Last weekend, we were at a park, and for the first time ever, my girl was moving herself around the play structure independently. Yes, it was by butt scootching, but it was . . . independent mobility. And, as I watched her, my heart felt so, so full. (It was a weekend of many, many amazing moments and there's more on that to come).
In that moment, she was just another three-year-old little girl, excited to be at the playground, moving as fast as she could toward her next thrill. As I watched her move, and watched her go down the slides all.by.herself, I thought, "This day is all about the cans. Look how far we've come!" I was, of course, completely aware that butt scootching isn't the "typical" way of getting around on a play structure, but in that moment, it didn't matter. I was soaring. She was doing it.
Then, we made our way over to a part of the play structure where two other little girls were playing, and an older girl asked me, "can she walk?" I took a breath, paused, and answered, "not by herself yet," and she said, "well how old is she?" and I said, "she's three." As a mom to a kiddo with special needs, I KNOW these questions will come, and everytime, I have a choice ... let it stop me in my tracks, or choose to make it a teachable moment. I could have explained how Sam's body just works a little differently (as I have before to an inquisitive little guy at the pool, who immediately said, "oh okay," and went right back to playing with Sam, though with a different gentleness than he had previously, leaving an impression on my heart forever), but I didn't feel like going into it. So, I gave her my simplest, shortest answers in a "just leave us alone" tone, and we kept playing.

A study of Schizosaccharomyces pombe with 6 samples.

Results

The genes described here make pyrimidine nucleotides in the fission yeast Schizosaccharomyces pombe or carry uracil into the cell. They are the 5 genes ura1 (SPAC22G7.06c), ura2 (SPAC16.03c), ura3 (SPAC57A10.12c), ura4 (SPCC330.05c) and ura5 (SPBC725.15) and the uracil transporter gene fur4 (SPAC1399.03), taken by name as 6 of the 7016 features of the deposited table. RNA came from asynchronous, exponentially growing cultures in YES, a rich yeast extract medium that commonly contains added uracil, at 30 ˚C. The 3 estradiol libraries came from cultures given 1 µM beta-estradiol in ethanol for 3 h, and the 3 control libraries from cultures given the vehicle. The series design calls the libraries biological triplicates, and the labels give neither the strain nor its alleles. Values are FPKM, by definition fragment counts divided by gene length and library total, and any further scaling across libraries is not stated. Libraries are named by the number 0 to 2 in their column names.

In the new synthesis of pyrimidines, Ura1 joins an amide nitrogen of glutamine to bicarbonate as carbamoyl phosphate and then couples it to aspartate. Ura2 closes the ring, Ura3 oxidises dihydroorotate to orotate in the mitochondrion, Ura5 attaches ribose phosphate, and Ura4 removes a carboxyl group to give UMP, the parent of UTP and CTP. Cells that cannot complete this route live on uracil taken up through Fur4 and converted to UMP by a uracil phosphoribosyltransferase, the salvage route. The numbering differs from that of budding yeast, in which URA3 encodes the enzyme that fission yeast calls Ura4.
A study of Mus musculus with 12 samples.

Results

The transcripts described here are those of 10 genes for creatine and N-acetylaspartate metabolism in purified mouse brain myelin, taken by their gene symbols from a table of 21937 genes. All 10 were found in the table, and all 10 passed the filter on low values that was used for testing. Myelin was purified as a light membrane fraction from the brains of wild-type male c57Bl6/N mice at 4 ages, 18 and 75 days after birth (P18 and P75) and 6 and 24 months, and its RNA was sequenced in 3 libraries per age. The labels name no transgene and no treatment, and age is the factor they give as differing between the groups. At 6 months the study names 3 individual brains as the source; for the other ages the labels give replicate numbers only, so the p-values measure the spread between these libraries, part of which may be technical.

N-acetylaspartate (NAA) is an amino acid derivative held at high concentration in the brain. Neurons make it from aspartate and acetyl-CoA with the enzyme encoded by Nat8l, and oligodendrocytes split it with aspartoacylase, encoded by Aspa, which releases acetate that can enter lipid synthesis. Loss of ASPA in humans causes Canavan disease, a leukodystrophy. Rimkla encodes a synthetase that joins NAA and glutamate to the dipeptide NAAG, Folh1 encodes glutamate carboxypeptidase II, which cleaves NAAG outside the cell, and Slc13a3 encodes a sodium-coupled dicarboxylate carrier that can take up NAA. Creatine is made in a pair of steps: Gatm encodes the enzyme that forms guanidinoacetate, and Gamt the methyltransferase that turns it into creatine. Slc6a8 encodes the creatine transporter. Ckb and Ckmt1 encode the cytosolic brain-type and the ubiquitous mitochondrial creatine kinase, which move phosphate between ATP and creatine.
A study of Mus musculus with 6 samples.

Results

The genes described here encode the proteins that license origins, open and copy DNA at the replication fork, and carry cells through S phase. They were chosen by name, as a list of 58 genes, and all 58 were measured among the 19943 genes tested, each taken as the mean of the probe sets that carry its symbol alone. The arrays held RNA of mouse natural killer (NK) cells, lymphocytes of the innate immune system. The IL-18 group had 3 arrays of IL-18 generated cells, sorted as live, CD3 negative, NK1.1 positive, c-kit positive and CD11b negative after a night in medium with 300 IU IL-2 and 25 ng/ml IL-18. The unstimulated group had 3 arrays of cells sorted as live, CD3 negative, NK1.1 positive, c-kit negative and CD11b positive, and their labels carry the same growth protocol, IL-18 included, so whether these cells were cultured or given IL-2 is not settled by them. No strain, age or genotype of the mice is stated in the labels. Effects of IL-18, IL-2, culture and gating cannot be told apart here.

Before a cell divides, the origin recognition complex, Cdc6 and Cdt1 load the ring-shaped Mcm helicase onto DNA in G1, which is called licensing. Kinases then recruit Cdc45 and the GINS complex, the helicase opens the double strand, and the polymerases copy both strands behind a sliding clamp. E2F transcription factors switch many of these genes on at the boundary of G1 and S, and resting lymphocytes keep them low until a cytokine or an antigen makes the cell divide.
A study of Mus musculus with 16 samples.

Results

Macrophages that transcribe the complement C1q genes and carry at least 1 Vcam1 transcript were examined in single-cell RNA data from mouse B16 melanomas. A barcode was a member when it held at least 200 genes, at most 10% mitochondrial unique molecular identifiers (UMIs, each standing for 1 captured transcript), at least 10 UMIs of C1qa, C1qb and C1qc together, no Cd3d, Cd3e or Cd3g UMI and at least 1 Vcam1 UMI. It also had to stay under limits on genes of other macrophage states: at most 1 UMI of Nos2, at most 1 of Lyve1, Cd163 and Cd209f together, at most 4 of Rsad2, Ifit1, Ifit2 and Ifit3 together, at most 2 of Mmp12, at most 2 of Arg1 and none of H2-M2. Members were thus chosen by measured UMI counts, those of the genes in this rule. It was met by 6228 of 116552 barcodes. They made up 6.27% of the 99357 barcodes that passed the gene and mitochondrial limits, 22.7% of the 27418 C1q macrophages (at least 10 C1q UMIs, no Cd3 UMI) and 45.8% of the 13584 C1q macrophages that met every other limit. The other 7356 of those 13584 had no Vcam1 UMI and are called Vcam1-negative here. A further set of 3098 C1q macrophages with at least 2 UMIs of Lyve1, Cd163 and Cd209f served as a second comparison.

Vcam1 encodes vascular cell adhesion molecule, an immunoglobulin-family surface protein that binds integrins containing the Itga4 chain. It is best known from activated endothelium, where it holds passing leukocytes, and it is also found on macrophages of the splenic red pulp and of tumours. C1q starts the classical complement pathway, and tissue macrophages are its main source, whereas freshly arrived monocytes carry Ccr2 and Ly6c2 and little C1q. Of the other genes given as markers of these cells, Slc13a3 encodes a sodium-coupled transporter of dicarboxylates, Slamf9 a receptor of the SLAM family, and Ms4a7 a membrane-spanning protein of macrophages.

And suddenly, I knew that that other little girl had just seen the differences. She'd seen the things Sam did differently, and not the ways they were the same. That, just like other three-year-olds, Sam was ecstatic to be at the playground, loved the slides, wanted to be near the other kids, giggled at her dada's silly jokes, squealed with glee as she went high in the swings and fast down the slide. Just like other kids.
But that wasn't what the other girl had seen.
And tonight, again, as I helped my girl figure out how to push her baby doll in a toy stroller while moving in her gait trainer, I was struck by the "cans." The things that make her just like other kids. And when I asked to take a picture and she made her best silly face, my heart soared because again . . . she's the same.
But yet, I wondered how another, outside observer would see it. Would they just see the big wheels? Would they just see the bulky black gait trainer?
Helping my girl navigate this world in her way, different as it may be, and helping others see the way she is just like them, helping her show the world who she is . . . the ways that she is the same . . . feels like a tall order sometimes, but as I watched her tonight, I felt so hopeful, optimistic, and so, so happy. The possibilities are endless.